Si-man

The Motorbike Thread

1075 posts in this topic

So it turns out despite being smarmy and calling me out as a liar (I'm not starting owt) you're probably an alright egg after all. :oops:

Cheers, you didn't have to do that for me (Y). Oh and I think your printer problem has an outside chance of being a driver issue.



It's annoying when people tell you what you did in your own life isn't it? Then have that feeling of having to justify yourself?

You said that I was making stuff up and my opinion didn't matter (because it didn't match your experiences).

But honestly, meh, I don't want to kick up a storm (again).

Look like I said, you didn't need to post that stuff for me above. And again it really is appreciated.

Not that you should give a f**k but, by doing that, I have all the more respect for you now.

I'm now going to keep quiet.




I didn't say that and don't think that.

Anyway, vaguely on topic, my Dad showed up last week for a coffee on his Diavel. Although young me would have been happier if it'd been a bright red 916 this bike still looks f**king sweet.

ducati_left.jpg

ducati_rear.jpg
ducati_right.jpg



However, If ever I wanted or needed to explain how a life of Avgas, (castrol) R, fast motorbikes and putting yourself in genuine danger seems to be one of the best best anti-ageing tonics man has ever come up with, then Geoff Duke would have been a bloody good example. You stand next to, or watch, a garden gate Manx on full noise (especially round the island) and you try and tell me racers of that generation weren't bonafide legends. When I met him, he'd have been in his mid-eighties and was still pin sharp, funny, modest, & actually rather staggered that someone as young (14/15ish) as me new who he was, let alone wanted a photo with him.

People that deserve the respect of so many are seriously few and far in between, so just watch the damn vid, ok?

Geoff Duke OBE 1923 - 2015 :( (but he was 92...)



post-4758-0-82243400-1431663623_thumb.jp


Good effort, it looks cracking :)



Well I thought that when I first started the project, because originally I wanted to do everything myself, and I spent a load of money on tools (which I have used). Then I realised that I'd only be doing it so that I could say I'd done the work - it's not like I needed to prove anything to myself. I first rebuilt a motorbike engine (with help) aged 10, and since then I've had bikes apart in the desert, in the Himalayas, in the jungle. Next month I'm scheduled to be riding a battered old Royal Enfield over the highest altitude pass in the world, and unlike Ewan McGregor I won't have a support van, so it'll be fix it myself or walk. So pulling an engine apart and getting covered in grease in an apartment block carpark, surrounded by mosquitoes, just for a bragging right... hmm, not so much fun.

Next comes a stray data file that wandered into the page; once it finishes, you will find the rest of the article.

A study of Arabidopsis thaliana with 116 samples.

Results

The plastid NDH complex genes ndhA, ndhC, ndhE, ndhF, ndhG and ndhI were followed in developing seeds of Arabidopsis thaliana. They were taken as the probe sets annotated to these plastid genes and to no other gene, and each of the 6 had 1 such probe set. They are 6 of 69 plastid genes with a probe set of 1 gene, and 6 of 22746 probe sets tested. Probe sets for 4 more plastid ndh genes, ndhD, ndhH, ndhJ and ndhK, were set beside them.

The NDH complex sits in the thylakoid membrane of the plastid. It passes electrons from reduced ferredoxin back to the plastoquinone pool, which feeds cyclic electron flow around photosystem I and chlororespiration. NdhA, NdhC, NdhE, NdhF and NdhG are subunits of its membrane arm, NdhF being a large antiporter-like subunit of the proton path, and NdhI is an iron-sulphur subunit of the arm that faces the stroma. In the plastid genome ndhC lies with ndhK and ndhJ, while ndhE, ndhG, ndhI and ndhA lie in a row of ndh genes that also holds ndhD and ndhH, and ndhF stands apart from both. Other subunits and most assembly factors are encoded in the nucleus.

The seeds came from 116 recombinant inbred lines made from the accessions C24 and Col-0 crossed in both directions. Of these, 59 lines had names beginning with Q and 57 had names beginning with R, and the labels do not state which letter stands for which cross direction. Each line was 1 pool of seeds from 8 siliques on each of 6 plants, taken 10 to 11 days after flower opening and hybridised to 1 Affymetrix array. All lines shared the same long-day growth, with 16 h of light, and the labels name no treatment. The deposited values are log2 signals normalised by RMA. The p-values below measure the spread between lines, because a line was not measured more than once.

As it came together though I realised how satisfying it was - I'd had an image in my head of what I wanted, which had of course never been seen by the (four) people who at different times worked on it. And yet despite only having to get the tools out myself a dozen or so times, the sheer amount of effort I put into finding the parts in a country with no eBay and few English-speakers, going to get them, having them damaged by so-called mechanics, replacing them, directing the work that others did do... I feel like I've earned it. It's taken this long without me doing most of the actual labour. Nothing happens fast here.

I'm actually right now weighing up buying another bike, and this time I'll be doing it more hands-on, on my balcony, simply because trusting/waiting for other people often proves more trouble than it's worth.



getting the insurance, mot and tax sorted out at the start of next month, should keep me amused for a while even though I am sort of used to the (small amount) of speed it delivers.

not really sure I like the idea of commuting around the city on that rather than cycling, nothing beats that around the city.

Edit:
also, on my CBT I got a slap on the wrist for 1/2 finger braking. is the correct way using all your fingers?

trials instincts are deep

Edited by ItsMatt



trials instinctstheare deep

I had the same shouting at haha and for covering both levers all the time too...not sure why he was deeming that bad though.

1 for the clutch, 2 for the brake suits me, thought of hitting a moon-crater sized pothole while using all 4 fingers to brake should be a good enough reason not to haha



I only ever use one or occasionally two when on the supermoto, beringer cast iron disk + four pot caliper + magura radial master = two finger stoppies at motorway speeds :)

Edited by forteh


Me too!


Same... Instructor threatened to snap my fingers to stop me covering the clutch/brake on my test.

Ben



Yesterday, a week since last use, it would not start. As I suspected when I took the plug out it was black, so I'm thinking it's running too rich. Cleaned the plug, got it to start, but I'm not happy about it. Taking the bike back to the engine builder so he can have a play with it.

Anyone else got any ideas? Carb is brand new, so I'm inclined to think it's setup rather than malfunction. Or could it be electrics, not providing a good enough spark?